Holland puts free speech on trial


Wilders is indicted for equating the Qur’an with Hitler’s Mein Kampf, for likening Islam with Nazism and for producing a documentary film, Fitna, that is provocative and insulting to Muslims.

In calling for the prosecution of Wilders, the Amsterdam Court of Appeal declared: “By attacking the symbols of the Muslim religion, he also insulted Muslim believers. In a democratic system, hate speech is considered to be so serious that it is in the general interest to draw a clear line.”

The context of this trial is the gathering storm over Europe since 9/11. This is a result of the increasing weight of Muslim presence in the continent that brings with it the demand for accommodation of Islamic culture — including Shariah, which is totally incompatible with modern Europe’s liberal and secular values — and the fear among an increasing number of Europeans that such accommodation is already adversely affecting their own culture.

There is invariably politics involved in this trial. Wilders has shrewdly tapped into the fears of a population sensing peril with the unchecked nature of immigration from the Arab-Islamic countries.

Consequently, his party has been making electoral gains among Dutch voters that might place it in the strategic position of either forming the government or being part of a ruling coalition.

Wilders claims he is being prosecuted for his political convictions. “The freedom of speech is on the verge of collapsing. If a politician is not allowed to criticize an ideology anymore, this means that we are lost, and it will lead to the end of our freedom,” he said.

The spectre of Muslim-led violence in Europe since 9/11 is real, not imagined. Too much has occurred with unsettling frequency for any serious person to discount more of the same occurring under the excuse that Islam has been reviled and Muslims are victimized by bigots such as Wilders and those who drew and published the Danish cartoons mocking the Prophet Muhammad.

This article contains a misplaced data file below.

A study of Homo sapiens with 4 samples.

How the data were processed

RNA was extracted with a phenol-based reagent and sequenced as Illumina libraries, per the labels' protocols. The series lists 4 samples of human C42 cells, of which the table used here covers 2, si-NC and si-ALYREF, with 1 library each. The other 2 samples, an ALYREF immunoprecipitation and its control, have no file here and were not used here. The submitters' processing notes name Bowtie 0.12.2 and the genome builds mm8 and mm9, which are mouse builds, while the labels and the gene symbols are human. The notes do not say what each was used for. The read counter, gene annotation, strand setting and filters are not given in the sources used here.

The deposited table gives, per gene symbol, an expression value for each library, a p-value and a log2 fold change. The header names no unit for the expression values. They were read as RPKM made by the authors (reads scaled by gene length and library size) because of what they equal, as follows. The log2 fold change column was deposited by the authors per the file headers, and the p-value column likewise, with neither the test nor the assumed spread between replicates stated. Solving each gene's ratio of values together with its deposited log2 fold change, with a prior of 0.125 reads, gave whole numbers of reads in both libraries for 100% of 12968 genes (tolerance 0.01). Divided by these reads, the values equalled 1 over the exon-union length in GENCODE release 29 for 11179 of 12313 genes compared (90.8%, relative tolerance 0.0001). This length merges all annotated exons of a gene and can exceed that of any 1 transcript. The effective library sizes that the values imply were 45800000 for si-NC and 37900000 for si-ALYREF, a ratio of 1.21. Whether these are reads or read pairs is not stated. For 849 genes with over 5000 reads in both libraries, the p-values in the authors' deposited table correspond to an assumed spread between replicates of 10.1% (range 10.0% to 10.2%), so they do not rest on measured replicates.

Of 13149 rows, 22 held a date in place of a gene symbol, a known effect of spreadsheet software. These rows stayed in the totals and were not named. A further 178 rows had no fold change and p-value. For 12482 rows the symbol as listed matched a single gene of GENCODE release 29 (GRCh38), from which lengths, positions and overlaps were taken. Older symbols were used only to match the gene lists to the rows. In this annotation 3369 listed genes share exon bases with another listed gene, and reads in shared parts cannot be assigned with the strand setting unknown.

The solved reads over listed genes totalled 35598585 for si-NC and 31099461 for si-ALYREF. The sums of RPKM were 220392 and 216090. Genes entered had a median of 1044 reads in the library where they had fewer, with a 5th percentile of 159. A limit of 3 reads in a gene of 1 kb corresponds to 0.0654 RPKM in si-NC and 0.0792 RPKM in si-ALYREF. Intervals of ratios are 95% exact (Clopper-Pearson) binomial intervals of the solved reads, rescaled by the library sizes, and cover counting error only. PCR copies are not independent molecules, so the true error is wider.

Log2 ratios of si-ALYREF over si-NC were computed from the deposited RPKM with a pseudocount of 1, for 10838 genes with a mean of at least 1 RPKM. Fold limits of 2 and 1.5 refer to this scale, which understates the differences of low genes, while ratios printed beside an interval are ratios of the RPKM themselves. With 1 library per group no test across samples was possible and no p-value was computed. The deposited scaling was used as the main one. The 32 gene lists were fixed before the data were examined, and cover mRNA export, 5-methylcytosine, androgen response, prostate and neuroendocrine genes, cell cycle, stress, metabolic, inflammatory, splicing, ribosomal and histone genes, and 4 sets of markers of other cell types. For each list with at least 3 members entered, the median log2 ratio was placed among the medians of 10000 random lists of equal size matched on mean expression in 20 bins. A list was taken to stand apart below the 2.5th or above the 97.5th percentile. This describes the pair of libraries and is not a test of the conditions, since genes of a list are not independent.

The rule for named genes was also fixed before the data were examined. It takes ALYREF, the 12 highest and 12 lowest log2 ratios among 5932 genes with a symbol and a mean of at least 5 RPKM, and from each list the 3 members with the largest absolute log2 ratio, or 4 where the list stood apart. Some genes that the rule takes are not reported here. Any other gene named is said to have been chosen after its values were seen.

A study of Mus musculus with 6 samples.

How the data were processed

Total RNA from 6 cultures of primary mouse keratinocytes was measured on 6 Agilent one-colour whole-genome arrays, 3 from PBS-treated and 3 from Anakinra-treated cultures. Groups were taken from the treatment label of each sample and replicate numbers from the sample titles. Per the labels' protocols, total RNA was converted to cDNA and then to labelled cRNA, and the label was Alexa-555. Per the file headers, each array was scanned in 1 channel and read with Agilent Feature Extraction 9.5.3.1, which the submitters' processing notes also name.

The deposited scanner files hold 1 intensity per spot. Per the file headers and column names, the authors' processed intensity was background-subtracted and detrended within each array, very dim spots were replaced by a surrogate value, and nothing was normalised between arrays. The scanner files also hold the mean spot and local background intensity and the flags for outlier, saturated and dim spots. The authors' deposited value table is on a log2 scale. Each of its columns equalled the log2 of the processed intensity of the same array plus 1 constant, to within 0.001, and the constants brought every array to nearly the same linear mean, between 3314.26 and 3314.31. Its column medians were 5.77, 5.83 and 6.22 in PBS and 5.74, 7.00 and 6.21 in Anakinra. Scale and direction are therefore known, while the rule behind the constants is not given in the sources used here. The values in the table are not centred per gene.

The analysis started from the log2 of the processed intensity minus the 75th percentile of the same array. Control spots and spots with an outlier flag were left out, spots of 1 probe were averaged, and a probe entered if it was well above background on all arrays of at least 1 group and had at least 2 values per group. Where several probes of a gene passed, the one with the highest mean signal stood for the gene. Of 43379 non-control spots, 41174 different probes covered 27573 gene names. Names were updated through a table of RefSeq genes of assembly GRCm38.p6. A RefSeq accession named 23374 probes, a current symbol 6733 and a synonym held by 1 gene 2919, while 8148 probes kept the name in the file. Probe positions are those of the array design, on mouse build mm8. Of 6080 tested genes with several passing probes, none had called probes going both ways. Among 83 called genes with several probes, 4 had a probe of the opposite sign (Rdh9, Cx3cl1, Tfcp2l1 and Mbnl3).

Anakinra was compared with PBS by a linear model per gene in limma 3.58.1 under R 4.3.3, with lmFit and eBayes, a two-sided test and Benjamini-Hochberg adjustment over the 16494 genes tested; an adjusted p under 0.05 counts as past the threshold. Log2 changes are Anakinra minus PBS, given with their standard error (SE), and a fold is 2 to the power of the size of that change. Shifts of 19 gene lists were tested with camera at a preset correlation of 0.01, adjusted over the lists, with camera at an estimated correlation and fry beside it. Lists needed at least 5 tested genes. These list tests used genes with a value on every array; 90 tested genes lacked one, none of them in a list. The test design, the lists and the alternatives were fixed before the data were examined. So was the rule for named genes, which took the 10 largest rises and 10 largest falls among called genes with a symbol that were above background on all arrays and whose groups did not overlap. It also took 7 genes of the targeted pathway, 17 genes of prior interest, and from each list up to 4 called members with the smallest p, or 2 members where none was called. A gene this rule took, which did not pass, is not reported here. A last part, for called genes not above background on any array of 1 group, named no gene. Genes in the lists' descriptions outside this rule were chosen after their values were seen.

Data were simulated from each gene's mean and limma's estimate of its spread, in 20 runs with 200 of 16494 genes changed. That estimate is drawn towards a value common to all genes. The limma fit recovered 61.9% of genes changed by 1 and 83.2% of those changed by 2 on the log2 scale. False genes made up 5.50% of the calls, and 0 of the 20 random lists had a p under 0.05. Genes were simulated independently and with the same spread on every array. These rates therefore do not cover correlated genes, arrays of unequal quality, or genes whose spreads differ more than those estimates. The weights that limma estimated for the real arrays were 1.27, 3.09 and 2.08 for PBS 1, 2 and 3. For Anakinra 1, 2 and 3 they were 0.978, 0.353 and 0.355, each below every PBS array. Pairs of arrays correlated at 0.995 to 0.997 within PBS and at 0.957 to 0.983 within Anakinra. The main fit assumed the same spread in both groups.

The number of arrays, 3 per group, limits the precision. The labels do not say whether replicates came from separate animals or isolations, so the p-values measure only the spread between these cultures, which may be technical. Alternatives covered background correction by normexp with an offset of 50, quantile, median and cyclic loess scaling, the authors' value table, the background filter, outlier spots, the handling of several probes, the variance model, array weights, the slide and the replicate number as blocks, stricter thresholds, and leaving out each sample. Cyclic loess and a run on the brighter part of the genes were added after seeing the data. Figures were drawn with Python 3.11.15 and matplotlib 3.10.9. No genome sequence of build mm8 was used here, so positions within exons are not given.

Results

In such circumstances, Dutch and European opponents of Wilders, not necessarily being sympathetic to Muslim grievances, hold the view that freedom of speech cannot be licence for irresponsible and egregious abuse of what is held sacred by another people.

Muslims generally, given their cultural baggage, might not appreciate the history surrounding the struggle to establish freedom of speech as one of the cornerstones of modern, liberal, secular and democratic Europe.

But the Dutch court and Wilders’ opponents should know better how free speech becomes meaningless when constrained or abridged, and thus weakens the foundation of free society.

As a Muslim myself, I find Wilders views unacceptable, but I find it more loathsome that a democratic society should prosecute him for what he thinks and says.

The Dutch court has it backwards. It should make it abundantly clear to Muslims, or anyone else, that violence under any pretence will be dealt forcefully by the state.

In this instance, Wilders is politically right as Ronald Dworkin, an American philosopher, has argued: “The only right you don’t have in a democracy is the right not to be offended.”